Valley Road School were announced as winners of this year’s Henley Schools Environmental Science Competition with their Single Use Plastics in Lunch boxes project at the River & Rowing Museum last Wednesday.
The Year 3 children at Valley Road school with their teacher, Miss Lauren Nottage presented a project that really impressed all the judges. After discovering that approximately 350 items of single use plastic were thrown away in just two days by the Junior classes alone, the students united to hold a plastic-free lunch on Monday (20 May). The project focused on the devastating impact of plastic waste and the primary methods of combating it. Turning their attention to everyday disposable items — clingfilm, water bottles, plastic bags, straws and coffee cups — the young scientists came up with sustainable alternatives, and even made their own. Conscious of the prevalence of clingfilm in lunch boxes, the Year 3 class crafted reusable wraps out of fabric and beeswax to fold around their sandwiches and snacks. The wraps were so successful that they were able to sell them to other students in preparation for the plastic-free lunch.
Chair of Competition Organising Committee, Patrick Fleming said, “All the entries were of a very high standard and even exceeded the entries from last year. Valley Road scored very well on all the criteria environment, science, cross curricular, school engagement and external engagement (they showed us the Henley Herald article published on 23 May). There was a very good general level of work including homework across the curriculum and additionally there were some exceptional pieces of work including posters and the creation of “Wax wraps” from cotton off-cuts and beeswax to provide reusable wrapping for sandwiches at a sensible cost, to replace plastic bags and clingfilm.”
Miss Notage said, “I am incredibly proud of all the children’s hard work and the passion that they have shown throughout the project. The science competition is a fantastic opportunity for the children to complete an independent and totally child- led experiment and I hope that it has inspired some of them to pursue a career in the sciences. It was also a great chance for them to investigate issues that are current; after all it is their generation who will be forced to deal with the increasingly alarming impact of climate change.”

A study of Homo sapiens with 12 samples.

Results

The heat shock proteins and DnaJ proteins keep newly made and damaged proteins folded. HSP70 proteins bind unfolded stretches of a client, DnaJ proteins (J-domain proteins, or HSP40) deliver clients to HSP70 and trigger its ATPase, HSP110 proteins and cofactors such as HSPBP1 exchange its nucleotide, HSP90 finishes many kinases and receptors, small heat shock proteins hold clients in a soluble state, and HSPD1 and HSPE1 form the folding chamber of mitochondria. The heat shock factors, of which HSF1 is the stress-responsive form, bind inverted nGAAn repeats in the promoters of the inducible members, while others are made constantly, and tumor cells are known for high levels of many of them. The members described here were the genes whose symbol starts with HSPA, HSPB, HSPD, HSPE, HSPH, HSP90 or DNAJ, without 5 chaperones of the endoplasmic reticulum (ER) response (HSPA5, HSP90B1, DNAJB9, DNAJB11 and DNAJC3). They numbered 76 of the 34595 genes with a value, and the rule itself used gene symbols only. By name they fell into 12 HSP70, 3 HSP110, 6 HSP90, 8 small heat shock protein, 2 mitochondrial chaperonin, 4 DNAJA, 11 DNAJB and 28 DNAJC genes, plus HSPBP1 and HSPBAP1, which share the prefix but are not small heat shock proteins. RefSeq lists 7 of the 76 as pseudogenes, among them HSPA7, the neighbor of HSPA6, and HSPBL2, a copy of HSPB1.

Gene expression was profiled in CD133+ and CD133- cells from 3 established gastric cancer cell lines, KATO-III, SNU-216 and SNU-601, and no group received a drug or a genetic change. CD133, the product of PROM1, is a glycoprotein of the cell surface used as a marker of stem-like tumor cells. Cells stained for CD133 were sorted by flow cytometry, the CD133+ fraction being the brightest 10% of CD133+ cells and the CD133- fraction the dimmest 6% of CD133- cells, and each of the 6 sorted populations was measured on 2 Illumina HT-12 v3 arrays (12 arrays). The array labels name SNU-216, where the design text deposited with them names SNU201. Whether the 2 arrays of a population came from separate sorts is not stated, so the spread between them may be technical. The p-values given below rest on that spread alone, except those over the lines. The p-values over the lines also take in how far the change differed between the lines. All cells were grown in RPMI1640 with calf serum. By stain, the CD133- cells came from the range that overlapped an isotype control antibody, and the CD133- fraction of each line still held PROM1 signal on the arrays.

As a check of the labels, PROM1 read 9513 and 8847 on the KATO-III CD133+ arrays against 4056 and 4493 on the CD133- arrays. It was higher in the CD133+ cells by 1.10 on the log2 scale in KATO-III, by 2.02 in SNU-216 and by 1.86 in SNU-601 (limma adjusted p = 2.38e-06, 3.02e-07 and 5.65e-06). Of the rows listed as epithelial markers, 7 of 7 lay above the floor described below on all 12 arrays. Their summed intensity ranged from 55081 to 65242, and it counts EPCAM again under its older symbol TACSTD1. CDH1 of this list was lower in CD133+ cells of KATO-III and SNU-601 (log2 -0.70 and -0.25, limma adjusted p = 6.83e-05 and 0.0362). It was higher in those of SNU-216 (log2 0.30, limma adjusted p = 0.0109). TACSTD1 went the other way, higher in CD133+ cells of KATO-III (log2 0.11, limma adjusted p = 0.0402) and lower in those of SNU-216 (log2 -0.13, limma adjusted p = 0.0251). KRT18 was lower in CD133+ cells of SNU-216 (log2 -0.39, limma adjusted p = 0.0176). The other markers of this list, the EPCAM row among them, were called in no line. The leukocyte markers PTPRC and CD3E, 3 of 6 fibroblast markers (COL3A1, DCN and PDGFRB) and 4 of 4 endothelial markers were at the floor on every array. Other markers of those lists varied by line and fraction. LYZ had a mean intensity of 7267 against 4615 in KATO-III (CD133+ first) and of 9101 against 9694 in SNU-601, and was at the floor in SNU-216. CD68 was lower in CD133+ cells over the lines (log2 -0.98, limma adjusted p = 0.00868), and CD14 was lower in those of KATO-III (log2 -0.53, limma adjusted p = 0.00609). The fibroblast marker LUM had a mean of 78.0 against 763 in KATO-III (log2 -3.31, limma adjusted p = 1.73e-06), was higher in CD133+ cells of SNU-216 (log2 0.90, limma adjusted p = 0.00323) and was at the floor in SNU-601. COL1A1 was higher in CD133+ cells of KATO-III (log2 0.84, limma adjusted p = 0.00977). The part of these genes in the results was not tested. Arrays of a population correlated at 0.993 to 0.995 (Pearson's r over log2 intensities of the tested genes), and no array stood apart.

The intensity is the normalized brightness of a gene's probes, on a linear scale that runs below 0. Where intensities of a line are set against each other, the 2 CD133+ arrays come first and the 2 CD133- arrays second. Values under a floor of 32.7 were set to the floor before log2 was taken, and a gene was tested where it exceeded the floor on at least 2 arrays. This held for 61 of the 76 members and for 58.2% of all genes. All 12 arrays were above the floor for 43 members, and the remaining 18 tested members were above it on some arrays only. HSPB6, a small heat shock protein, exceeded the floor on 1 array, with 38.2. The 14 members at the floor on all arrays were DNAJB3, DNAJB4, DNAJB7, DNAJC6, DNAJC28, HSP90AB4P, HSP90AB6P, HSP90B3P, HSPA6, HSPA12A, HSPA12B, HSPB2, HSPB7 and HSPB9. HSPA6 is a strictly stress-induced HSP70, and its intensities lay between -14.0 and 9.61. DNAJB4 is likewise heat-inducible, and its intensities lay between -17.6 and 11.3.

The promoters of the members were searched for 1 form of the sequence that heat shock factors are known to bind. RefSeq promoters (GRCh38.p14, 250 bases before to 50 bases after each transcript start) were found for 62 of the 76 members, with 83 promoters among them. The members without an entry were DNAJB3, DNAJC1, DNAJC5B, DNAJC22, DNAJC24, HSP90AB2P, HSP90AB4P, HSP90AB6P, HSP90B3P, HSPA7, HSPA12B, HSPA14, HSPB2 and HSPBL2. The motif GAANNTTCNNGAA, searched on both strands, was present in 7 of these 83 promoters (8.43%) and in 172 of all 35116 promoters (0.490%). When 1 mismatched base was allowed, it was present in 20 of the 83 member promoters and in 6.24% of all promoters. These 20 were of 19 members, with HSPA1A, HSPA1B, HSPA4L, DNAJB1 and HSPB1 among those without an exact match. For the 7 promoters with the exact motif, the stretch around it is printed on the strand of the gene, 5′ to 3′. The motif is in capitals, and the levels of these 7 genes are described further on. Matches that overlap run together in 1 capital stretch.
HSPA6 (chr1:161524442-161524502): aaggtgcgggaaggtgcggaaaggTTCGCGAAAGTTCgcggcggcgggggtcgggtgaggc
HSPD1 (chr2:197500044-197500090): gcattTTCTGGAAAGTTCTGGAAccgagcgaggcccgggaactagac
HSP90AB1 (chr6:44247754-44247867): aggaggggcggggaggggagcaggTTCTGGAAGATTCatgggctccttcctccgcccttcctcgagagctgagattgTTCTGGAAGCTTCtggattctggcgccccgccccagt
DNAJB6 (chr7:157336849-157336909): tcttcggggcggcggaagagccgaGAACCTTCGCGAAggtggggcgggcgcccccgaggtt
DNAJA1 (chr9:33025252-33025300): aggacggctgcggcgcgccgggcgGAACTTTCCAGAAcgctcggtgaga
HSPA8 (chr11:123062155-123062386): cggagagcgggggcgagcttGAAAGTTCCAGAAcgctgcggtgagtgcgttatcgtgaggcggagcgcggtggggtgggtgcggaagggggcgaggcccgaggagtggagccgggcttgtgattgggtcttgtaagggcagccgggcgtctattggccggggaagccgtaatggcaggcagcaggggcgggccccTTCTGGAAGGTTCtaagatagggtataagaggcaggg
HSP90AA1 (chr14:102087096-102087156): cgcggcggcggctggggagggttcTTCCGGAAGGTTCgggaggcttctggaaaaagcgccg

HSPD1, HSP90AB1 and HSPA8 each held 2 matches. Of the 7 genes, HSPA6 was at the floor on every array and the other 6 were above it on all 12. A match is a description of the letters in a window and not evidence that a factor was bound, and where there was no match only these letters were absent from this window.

Benjy Burfitt from Valley Road said, “I feel really happy excited & proud of all my class mates to have won this project. We all worked really hard & learnt a lot. When I first started studying this subject I realised how much of an impact plastic is having on the environment & animals, both of which I love. Single use plastic is plastic that can only be used once & after it’s used it either goes into a landfill or the ocean. This upsets me alot. My class organised a day at school where single use plastic was not allowed for one day at school for our school lunches. I was happy everyone got so involved & it was great fun researching & making alternative materials to store our food in. I have been inspired by Miss Nottage to learn more about this subject & to teach others not to use single use plastic. I also think the people at the Government should help the supermarkets & shops to use brown paper bags instead of plastic bags.”
The school were presented with the trophy and a cheque for £300 by Henley Mayor, Councillor Ken Arlett. The event is sponsored by Henley Town Council, Quintessa, Thamesfield Youth Charity and The Henley Educational Trust.
Runners up were Sacred Heart School for their Plants and Climate Change/Reducing Packaging for School Lunches. The first part of this project was a follow on from their plant project last year. They refined the experimental method involved in measuring rainfall and giving sets of tomato plants water in standard, reduced and enhanced amounts and checking growth. The second part of the project was on the subject of rubbish and specifically plastics in lunch boxes. Patrick commented, “We were impressed by the breadth of information in the project work, with individual expression from the children taking part. They conducted a survey of rubbish, getting parents of the whole school involved in collecting it. They sorted the rubbish into recyclable and non-recyclable. They also produced publicity material to present to the school in an effort to reduce the level of non-recyclable waste and they are planning to run another survey to see if they have made a change.”
Other projects were an Air Quality and Problem in Henley with Litter projects from Rupert House School, Sound Pollution from St Mary’s School, a Garden project from Shiplake Primary School and the affect batteries have on flowers from Sonning Common School. Each school was presented with a letter with the offer of a fruit tree of their choice to be planted in November with the help of Henley in Transition.
Patrick thanked the River & Rowing Museum for hosting the event again this year. Helen Cook, Head of Learning, River & Rowing Museum said, “We’re really pleased to host this event as it is in line with our mission for education on the environment.”
Henley Mayor, Ken said, “I’m delighted to be here to present the prizes and thanked you to all those that have made this possible and for the hours of work that the teachers and children have put in as well as the work of those organising the competition. I am surprised and pleased by the level of understanding that the children have and of their concern for all aspects of their environment. Henley Town Council are also concerned about the environment and are in the process of declaring a climate emergency (this drew applause from all those present).”